Somebody else’s boyfriend once told me that I scare him, and my eyelashes were salty for weeks thereafter. I was fourteen. I don’t remember what I did to provoke those words; it may have been something disreputable, or not. But I remember that he said them with a judge’s inflection. That with these words he thought he could make me believe I was not only unattractive, but scary, and the very enemy to all things attractive. It was supposed to ruin me, and, for a time, it did. (Now, four years, later, I know that I am much better suited to be someone’s worst nightmare than someone’s manic pixie dream girl).
Everybody’s got something to say about my mother. That she’s “very comfortable in her own strength” is one of the more popular assessments. (A tactful, if ineloquent, way of saying “your mother scares me”). Now, whatever gripes I may have about my mother, as daughters tend to have, her brazenness is certainly not one of them:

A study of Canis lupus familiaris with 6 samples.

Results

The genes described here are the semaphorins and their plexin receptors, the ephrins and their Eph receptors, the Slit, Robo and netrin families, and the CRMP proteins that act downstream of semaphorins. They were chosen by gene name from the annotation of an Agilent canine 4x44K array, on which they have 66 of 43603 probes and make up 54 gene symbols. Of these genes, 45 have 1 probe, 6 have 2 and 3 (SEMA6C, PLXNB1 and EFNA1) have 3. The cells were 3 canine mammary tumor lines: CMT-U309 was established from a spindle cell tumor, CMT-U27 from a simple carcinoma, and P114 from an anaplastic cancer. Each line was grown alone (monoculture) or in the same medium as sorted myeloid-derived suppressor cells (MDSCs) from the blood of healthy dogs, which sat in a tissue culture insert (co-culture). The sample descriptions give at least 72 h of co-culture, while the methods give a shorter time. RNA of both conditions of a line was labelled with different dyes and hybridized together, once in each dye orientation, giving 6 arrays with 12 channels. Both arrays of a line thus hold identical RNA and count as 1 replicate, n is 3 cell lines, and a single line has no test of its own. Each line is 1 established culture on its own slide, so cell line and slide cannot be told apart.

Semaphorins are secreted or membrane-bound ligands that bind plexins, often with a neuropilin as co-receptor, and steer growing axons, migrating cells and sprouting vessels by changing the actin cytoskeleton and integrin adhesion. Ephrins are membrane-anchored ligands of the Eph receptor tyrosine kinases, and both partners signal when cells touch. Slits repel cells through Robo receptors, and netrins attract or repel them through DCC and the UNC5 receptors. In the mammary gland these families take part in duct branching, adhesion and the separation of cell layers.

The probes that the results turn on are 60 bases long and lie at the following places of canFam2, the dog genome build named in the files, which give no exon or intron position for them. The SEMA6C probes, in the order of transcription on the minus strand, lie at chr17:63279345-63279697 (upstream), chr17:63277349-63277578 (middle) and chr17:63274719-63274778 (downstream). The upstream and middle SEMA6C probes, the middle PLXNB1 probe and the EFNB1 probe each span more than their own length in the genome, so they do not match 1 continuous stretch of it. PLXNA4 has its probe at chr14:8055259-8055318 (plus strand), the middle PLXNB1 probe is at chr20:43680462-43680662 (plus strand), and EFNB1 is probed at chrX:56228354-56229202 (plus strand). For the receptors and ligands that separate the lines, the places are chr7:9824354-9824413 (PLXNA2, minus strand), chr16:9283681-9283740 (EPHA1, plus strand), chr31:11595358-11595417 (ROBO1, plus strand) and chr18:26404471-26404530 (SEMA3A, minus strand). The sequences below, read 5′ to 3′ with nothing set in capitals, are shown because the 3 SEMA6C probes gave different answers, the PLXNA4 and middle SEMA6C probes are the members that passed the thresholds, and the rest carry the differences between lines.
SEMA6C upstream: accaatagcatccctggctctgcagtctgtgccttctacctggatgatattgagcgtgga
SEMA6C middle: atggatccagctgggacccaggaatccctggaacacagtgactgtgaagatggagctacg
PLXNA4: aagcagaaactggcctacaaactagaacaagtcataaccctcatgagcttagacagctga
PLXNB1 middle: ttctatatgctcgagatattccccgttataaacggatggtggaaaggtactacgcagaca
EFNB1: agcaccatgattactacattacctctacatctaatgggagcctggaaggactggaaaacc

She implemented a household ban on bad grammar when I was still a toddler, and has not lifted it since. She asserted that I was beautiful until I learnt it by heart. She raised me on morality and make-believe; on comity and comedy. On ambition and zeal. On self-respect. Why is brazenness a flaw in a woman?
Let’s take this to the bible. The Book of Esther condemns Queen Vashti. Why condemn Vashti? She who stood her ground and would not dance naked for King Ahasuerus? In doing so, she stood up for all women as Esther stood up for all Jews!
Does our solidarity scare you?
Good. Because the day you approve of me, I’ve got a lot to reassess.